White House Switches Gears, Supports Arafat

Switching gears, the Bush administration on Thursday went out of its way to shield Yasser Arafat from Israeli exile and affirmed it was dealing with him as leader of the Palestinian people.

As the beleaguered Arafat withstood another Israeli siege of his West Bank compound, American diplomats elicited assurances from Israeli authorities he would not be harmed in the incursion, itself a response to another deadly Palestinian bombing.

Only a day earlier, the White House questioned Arafat's trustworthiness and pledged to increase contacts with a new generation of Palestinian leaders who may be more willing to curb terrorism.

"In the president's eyes, Yasser Arafat has never played a role of someone who could be trusted or who was effective," White House press secretary Ari Fleischer said Wednesday.

But on Thursday, as Israeli troops shelled Arafat's headquarters in Ramallah, blew a hole in his bedroom wall and destroyed three buildings in the sprawling compound during a six-hour incursion, a White House spokesman said exiling Arafat would not help bring peace to the Middle East.

"I don't think exiling Arafat solves anything," Sean McCormack said. "The issue is building Palestinian institutions and, in the process, bringing the Palestinian people into the building of these institutions."

Arafat, himself, dismissed the possibility of exile Thursday.

"Expel me?" he said. "I will die here."

As Israeli troops rolled into the West Bank, the State Department received fresh confirmation from Israeli authorities that Arafat would not be hurt.

"Israel had previously made clear that it was not their intention to harm Chairman Arafat or to go after him directly," said department spokesman Richard Boucher. "As we were in touch with them during the operation, we reconfirmed, or they reconfirmed to us that that remained their intention -- not to harm Chairman Arafat directly, and indeed that's what happened."

At the same time, Boucher reaffirmed Arafat's status as the Palestinian with whom the United States -- and Israel -- must deal.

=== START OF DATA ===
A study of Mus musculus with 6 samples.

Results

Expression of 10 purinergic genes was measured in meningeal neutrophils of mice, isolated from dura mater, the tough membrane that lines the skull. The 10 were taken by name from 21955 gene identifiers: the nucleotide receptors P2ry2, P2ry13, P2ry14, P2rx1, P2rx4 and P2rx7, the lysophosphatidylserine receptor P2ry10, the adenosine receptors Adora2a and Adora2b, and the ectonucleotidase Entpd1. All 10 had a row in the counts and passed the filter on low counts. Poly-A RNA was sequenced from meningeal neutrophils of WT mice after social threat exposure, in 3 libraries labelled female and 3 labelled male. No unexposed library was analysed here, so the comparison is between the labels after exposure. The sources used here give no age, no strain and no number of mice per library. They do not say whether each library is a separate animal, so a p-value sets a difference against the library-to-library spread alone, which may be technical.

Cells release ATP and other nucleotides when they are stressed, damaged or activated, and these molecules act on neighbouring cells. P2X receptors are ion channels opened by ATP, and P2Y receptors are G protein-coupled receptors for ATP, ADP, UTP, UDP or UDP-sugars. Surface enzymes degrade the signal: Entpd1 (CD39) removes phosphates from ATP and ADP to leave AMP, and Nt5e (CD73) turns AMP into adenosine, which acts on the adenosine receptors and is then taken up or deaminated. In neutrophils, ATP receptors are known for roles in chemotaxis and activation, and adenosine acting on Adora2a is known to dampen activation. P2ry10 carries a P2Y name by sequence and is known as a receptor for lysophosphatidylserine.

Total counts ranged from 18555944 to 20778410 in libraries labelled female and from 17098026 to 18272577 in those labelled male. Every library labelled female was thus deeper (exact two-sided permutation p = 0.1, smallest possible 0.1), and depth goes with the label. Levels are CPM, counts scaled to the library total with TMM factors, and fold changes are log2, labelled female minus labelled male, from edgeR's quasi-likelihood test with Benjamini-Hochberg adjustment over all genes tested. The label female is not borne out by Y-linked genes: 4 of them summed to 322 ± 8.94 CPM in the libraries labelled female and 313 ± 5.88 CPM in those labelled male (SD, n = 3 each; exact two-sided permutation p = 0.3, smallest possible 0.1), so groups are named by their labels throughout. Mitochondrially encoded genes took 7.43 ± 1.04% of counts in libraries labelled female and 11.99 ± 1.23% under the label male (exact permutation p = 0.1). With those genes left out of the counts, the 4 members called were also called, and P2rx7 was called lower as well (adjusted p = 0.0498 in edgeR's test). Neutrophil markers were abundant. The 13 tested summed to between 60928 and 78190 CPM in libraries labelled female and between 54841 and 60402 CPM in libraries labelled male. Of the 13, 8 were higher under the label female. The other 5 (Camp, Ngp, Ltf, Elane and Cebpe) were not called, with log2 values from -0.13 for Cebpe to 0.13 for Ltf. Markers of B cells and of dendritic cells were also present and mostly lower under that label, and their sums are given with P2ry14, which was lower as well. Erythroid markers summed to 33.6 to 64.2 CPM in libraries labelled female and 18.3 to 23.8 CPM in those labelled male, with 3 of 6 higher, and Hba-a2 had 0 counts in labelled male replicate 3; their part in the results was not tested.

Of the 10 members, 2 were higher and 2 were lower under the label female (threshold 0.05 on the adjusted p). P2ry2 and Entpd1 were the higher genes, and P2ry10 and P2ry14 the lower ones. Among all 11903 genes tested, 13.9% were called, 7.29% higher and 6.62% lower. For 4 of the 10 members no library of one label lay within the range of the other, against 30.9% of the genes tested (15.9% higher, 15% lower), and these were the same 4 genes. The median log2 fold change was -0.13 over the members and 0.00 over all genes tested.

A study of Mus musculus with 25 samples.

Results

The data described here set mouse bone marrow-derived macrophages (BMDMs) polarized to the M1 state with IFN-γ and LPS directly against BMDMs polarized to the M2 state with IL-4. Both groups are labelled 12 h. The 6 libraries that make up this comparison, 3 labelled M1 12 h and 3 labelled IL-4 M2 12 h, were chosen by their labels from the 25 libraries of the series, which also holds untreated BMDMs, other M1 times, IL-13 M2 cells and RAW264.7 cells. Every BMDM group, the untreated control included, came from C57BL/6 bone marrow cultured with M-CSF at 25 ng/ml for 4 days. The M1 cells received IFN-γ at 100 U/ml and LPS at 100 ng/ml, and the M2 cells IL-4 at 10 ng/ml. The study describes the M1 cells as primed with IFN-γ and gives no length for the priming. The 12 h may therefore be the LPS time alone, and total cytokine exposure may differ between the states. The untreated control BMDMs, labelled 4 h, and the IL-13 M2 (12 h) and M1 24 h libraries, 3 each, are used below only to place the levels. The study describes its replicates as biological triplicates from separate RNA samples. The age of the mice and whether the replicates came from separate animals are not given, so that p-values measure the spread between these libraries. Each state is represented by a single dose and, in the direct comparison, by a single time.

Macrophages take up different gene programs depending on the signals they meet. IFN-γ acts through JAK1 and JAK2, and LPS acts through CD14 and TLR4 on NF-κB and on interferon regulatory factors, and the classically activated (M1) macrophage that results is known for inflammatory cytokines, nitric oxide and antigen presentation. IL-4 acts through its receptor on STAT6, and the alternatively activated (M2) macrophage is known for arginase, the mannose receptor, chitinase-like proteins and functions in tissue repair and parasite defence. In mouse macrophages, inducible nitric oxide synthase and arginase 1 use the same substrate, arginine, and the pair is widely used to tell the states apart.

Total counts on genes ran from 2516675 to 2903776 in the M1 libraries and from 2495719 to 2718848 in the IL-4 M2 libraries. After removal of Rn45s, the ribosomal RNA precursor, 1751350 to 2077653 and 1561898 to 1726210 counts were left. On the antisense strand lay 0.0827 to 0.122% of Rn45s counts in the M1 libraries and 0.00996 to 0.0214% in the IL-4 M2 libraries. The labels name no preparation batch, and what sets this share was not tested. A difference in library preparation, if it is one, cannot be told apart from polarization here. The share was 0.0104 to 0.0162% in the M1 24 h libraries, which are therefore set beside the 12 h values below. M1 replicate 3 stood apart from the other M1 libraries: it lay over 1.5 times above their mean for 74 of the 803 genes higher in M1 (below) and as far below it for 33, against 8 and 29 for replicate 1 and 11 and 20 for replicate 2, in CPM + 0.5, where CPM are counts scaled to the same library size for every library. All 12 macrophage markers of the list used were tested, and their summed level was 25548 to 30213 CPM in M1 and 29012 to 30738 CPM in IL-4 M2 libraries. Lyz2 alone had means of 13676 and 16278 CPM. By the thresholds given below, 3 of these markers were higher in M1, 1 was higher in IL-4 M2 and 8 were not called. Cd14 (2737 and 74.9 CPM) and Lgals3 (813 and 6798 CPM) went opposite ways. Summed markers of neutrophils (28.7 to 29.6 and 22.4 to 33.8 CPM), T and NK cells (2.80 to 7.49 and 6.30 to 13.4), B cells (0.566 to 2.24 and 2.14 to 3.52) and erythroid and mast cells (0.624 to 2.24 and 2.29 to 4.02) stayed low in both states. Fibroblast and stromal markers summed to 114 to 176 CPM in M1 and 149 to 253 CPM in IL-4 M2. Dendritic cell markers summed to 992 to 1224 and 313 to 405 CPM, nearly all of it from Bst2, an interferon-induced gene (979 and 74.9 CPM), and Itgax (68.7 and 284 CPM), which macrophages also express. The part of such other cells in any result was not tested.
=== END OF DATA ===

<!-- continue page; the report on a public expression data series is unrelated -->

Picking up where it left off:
"Chairman Arafat is the leader of the Palestinian people," Boucher said, while repeating a monthslong U.S. admonition that "he needs to take the responsibilities of leadership, continue to signal clearly that violence and terror are not the way Palestinians can achieve their national aspirations."

Meanwhile, three U.S. officials said Israel had not notified the United States before its West Bank offensive, and Egyptian President Hosni Mubarak began a visit to Washington by having lunch with Vice President Dick Cheney at Blair House.

Egyptian Foreign Minister Ahmed Maher urged Secretary of State Colin Powell to set out the agenda for talks Mubarak will have with President Bush at Camp David on Friday evening and Saturday morning.

Mubarak intends to press Bush to set a deadline for creation of a Palestinian state, for uprooting Jewish settlements on the West Bank and Gaza and for Israel to give up territory the Arabs lost in the 1967 Mideast war.

"It is a necessity to move quickly," Maher told reporters after seeing Powell. However, he said that while "there is interest" in Mubarak's views, he knew of no specific U.S. initiative.

A senior Bush administration official, talking to reporters on condition of anonymity, said the administration was trying to develop a "roadmap" for a settlement of the Israeli-Palestinian dispute.

The official also said the future of Jerusalem and Palestinian demands to resettle millions of Palestinian refugees in Israel were issues that should be addressed in negotiations.